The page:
Holographic Challenge for DVDs

If you thought Blu-ray and HD-DVD were the only new disc formats coming out this decade, think again. The emergence of holographic data storage technology may hamper growth for the two rival high-definition formats in the years to come.

Holographic data storage has existed for 40 years, but is just coming to the commercial market and may reach the consumer market by 2007. The new DVD formats promoted by Sony (Blu-ray) and Toshiba (HD-DVD) are expected to go on sale in early 2006.

As opposed to the blue laser technology used both in Blu-ray and HD-DVD, holographic storage goes beyond recording the surface of the disc and records through the full depth of the medium.

Longmont, Colorado-based InPhase Technologies has formed an alliance with Hitachi Maxell to sell discs the size of a DVD that can store 300 GB of data. By comparison, Blu-ray discs will be able to hold 50 GB and HD-DVD discs will store about 30 GB. InPhase’s Tapestry holographic system can store more than 26 hours of broadcast-quality high-definition video.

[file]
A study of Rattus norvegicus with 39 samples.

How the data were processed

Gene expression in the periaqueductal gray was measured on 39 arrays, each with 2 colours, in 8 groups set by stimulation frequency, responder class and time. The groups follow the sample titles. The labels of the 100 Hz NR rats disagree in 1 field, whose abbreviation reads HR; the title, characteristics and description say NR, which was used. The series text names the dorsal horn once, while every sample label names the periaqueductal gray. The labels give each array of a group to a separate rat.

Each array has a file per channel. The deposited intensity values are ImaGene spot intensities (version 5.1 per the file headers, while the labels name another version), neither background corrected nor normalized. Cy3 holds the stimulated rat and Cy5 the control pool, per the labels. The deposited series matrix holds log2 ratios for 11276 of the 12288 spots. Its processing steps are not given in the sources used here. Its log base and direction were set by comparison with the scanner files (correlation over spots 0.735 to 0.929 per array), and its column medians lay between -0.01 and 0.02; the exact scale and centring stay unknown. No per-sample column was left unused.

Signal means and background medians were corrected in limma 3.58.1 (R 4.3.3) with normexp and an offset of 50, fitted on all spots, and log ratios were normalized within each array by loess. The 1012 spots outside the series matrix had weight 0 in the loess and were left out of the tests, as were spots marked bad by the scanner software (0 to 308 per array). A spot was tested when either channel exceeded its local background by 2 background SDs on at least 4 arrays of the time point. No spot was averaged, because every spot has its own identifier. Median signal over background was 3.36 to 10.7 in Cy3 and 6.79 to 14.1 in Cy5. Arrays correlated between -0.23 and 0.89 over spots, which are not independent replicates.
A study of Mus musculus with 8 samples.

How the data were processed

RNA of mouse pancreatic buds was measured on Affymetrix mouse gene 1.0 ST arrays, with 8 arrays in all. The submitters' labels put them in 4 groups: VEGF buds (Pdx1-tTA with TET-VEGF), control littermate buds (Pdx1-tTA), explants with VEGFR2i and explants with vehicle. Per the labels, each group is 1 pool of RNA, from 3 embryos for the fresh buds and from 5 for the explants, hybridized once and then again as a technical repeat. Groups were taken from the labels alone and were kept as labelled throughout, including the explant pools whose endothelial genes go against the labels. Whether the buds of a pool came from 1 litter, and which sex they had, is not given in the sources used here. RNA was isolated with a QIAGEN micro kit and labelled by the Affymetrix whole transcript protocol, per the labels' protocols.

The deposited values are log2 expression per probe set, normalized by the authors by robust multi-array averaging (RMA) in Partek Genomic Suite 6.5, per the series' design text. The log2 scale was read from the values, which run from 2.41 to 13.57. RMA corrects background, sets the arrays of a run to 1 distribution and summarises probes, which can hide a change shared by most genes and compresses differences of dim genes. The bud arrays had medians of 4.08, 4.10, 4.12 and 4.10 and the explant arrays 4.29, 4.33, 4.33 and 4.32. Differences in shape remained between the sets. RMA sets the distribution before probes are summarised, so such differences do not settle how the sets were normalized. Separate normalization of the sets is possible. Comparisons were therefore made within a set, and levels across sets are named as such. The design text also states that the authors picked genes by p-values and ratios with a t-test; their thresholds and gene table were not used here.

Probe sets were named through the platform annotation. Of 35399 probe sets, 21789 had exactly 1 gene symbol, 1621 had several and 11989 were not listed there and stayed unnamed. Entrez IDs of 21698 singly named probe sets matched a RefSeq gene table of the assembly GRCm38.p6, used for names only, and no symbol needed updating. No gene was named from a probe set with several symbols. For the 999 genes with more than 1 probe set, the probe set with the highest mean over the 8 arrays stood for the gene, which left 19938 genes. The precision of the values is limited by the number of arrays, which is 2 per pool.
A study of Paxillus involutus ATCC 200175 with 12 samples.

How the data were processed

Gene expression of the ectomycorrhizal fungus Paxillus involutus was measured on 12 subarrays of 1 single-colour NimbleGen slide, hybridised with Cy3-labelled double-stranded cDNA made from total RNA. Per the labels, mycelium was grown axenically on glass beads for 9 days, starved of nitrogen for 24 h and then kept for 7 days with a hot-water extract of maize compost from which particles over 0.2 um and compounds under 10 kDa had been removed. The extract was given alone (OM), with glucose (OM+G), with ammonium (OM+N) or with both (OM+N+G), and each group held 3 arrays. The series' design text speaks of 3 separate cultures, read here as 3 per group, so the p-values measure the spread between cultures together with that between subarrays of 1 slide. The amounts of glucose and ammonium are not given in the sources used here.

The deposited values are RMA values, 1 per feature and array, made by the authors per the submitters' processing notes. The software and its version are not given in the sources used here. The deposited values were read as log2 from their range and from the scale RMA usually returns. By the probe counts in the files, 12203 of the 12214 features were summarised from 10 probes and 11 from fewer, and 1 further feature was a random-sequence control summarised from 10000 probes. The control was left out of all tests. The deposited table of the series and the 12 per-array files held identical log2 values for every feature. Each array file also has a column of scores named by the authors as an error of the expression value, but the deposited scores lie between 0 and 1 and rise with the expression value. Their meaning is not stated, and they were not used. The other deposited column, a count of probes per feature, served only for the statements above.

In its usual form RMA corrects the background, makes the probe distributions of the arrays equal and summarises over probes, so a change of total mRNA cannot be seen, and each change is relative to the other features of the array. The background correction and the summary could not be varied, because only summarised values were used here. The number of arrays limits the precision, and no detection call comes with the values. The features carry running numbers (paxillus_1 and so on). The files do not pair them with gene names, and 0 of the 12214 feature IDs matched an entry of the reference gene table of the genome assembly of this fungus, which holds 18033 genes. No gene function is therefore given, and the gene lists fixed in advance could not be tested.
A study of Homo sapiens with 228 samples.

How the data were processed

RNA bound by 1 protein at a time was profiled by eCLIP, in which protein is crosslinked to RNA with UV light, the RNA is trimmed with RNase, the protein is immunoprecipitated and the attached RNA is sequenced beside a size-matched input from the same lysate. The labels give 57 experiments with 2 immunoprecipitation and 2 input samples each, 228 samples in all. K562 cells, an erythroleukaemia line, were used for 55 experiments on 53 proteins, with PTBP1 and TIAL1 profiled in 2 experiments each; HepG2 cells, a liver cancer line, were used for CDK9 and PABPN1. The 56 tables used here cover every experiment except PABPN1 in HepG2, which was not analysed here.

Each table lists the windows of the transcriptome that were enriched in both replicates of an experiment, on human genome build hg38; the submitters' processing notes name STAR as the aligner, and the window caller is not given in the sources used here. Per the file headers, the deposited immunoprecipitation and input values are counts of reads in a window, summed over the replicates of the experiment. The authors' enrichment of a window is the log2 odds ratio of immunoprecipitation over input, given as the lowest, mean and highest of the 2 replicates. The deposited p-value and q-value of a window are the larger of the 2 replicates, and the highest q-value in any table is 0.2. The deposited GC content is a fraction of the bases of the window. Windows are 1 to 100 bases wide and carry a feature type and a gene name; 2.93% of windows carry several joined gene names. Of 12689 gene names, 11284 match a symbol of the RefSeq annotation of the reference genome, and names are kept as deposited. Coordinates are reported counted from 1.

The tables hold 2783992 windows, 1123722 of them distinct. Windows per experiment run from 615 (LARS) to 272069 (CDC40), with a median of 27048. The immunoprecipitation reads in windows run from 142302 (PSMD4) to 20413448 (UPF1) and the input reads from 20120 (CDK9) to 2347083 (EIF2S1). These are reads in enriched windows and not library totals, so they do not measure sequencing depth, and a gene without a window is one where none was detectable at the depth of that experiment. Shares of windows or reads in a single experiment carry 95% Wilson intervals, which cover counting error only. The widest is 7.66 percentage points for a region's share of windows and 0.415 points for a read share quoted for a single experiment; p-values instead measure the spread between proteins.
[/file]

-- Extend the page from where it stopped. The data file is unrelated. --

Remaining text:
While other technologies record one data bit at a time, holography allows a million bits of data to be written and read in parallel with a single flash of light. So transfer rates are significantly higher than current optical storage devices.

As a result, the holographic discs also can read and write data at 10 times the speed of the DVDs currently in the market, or six times that of blue laser discs.

Commercial holographic discs will go on sale by the end of 2006. The initial product, called Tapestry Media, will come in the form of 130mm discs made from a photopolymer material.

InPhase is currently marketing the product to enterprises that can afford the high cost of the discs and readers. Currently, the reader costs a lofty $15,000 each, while one single disc costs $120—clearly unaffordable for the consumer market, Liz Murphy, vice president of marketing at InPhase, said Monday.

The hopes to fill the archival needs in the commercial markets for specific applications such as security, geospatial imagery, entertainment and broadcast, medical, and scientific applications, Ms. Murphy said.